Making Social Media Meaningful

Today’s post is a bit of a departure, as I offer a window into Professional Amanda.

Of course, one of my primary goals this year is to merge Professional Amanda with the rest of Amanda – to begin making money from my writing, performing and possibly through teaching yoga. That said, something I really do love that I already do is public speaking — crafting and giving presentations, and/or facilitating discussions, that help and inspire people. So while social media itself isn’t a topic that lights my fire, the idea of speaking with PBS and NPR stations about how to use social media in meaningful ways — something I was scheduled to do today, at a conference in Nashville — is actually something that resonates deeply.

Let me back up. The conference in question is the National Education Telecommunications Association (NETA) annual conference, where I was slated as a panelist at a session called “Don’t Tweet Your Lunch: Making Social Media Meaningful.” The session producer, Laura Hunter, wanted to help public media stations go beyond just having a Twitter feed or Facebook page that promotes their program schedule, to really using these and other social tools for meaningful community engagement. She invited me to speak after seeing me facilitate the weekly public media Twitter chat – I’m one of several co-hosts.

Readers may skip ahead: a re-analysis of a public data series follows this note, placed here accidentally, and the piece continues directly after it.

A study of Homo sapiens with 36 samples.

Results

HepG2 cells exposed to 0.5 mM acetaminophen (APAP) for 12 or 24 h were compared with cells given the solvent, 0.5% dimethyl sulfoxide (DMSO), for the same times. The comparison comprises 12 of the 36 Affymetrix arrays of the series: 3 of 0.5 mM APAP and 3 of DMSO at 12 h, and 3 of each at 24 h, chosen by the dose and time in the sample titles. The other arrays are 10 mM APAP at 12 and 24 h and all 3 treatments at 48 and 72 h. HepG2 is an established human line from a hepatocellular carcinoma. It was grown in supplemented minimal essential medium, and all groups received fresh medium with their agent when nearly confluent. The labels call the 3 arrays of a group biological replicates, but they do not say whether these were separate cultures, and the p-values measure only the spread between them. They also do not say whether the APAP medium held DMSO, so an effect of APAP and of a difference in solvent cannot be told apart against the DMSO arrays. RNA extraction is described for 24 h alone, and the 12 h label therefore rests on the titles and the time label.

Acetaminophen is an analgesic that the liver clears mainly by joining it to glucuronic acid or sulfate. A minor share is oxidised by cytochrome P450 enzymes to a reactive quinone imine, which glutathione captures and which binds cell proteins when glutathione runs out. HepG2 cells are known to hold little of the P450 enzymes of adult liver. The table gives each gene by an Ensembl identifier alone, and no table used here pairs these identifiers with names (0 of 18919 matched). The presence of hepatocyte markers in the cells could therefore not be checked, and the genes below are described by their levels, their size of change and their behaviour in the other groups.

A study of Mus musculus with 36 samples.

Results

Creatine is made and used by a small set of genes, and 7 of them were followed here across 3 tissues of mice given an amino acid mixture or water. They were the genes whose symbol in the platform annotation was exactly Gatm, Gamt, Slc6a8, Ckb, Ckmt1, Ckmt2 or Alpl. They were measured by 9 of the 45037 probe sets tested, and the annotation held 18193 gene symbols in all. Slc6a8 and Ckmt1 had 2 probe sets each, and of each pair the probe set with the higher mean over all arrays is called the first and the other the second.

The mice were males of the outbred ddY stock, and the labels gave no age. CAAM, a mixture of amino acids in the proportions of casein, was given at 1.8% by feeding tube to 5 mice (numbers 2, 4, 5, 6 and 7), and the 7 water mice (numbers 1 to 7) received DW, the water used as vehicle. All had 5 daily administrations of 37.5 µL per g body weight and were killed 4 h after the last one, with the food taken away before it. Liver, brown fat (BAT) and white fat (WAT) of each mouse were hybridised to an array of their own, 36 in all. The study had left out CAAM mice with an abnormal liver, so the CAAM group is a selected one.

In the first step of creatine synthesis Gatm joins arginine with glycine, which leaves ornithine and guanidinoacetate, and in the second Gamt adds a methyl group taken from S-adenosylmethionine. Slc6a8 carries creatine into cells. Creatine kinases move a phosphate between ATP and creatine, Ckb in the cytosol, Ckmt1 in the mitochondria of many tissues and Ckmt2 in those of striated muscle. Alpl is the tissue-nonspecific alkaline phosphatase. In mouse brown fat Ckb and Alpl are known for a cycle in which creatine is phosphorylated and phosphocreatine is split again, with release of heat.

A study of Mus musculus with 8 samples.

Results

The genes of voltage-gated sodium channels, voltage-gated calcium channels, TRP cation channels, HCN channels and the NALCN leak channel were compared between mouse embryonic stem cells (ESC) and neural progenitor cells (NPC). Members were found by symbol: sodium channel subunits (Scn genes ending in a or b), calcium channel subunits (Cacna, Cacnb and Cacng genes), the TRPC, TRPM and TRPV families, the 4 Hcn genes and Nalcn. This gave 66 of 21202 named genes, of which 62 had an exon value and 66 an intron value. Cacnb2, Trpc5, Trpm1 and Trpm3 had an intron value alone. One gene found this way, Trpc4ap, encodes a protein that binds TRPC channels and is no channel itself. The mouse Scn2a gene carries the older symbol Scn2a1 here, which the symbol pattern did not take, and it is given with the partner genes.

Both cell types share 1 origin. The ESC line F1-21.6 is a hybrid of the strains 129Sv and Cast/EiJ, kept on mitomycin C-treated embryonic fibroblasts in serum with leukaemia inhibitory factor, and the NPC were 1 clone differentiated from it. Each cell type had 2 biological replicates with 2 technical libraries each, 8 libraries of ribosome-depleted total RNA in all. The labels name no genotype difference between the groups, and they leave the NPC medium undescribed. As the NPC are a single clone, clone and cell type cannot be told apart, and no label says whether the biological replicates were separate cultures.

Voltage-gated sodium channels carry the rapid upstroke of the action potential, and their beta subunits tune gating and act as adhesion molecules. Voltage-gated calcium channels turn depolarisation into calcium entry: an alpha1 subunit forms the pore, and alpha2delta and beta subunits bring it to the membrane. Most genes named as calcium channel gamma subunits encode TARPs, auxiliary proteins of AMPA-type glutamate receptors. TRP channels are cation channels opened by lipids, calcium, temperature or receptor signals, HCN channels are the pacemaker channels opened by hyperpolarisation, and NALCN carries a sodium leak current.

Then a major snowstorm hit the southeast, throwing air travel in the region into a tizzy; Tennessee declared a state of emergency. On top of that, the forecast was calling for 8-12 inches of snow here in New York on the night I was scheduled to fly home. Visions of cancelled flights danced in my head. So, after consulting with Laura, I arranged for a colleague, Amy Baroch, to take my place on the panel; Amy works for PBS HQ, and was already going to be at the conference — plus, she’s a rock star and I knew she’d do a kick-ass job.

So, what to do with my presentation? Throw it on the trash heap? No, my friends – this is the Internet. I posted my preso to Slideshare, and am sharing it here for your viewing pleasure. 

Here are some of the websites I consulted in crafting this presentation, all of which I highly recommend to any non-profit looking for guidance on social media strategy:

Featured in this post:

http://rcm.amazon.com/e/cm?t=creativedc-20&o=1&p=8&l=as1&asins=0470547979&fc1=000000&IS2=1&lt1=_blank&m=amazon&lc1=0000FF&bc1=000000&bg1=FFFFFF&f=ifr

Another social media book I recommend:

http://rcm.amazon.com/e/cm?t=creativedc-20&o=1&p=8&l=as1&asins=1605094161&fc1=000000&IS2=1&lt1=_blank&m=amazon&lc1=0000FF&bc1=000000&bg1=FFFFFF&f=ifr

 And if you’re curious about social media happenings in the public media universe, one great resource is Andy Carvin, NPR’s senior strategist for social media, who you can follow on Twitter at @acarvin. To get a sense of his skillz, check out how he used a new social media tool, Storify, to capture the story of the Giffords shooting last Saturday as it unfolded (including NPR’s mistaken report that Giffords had passed away, and its subsequent correction).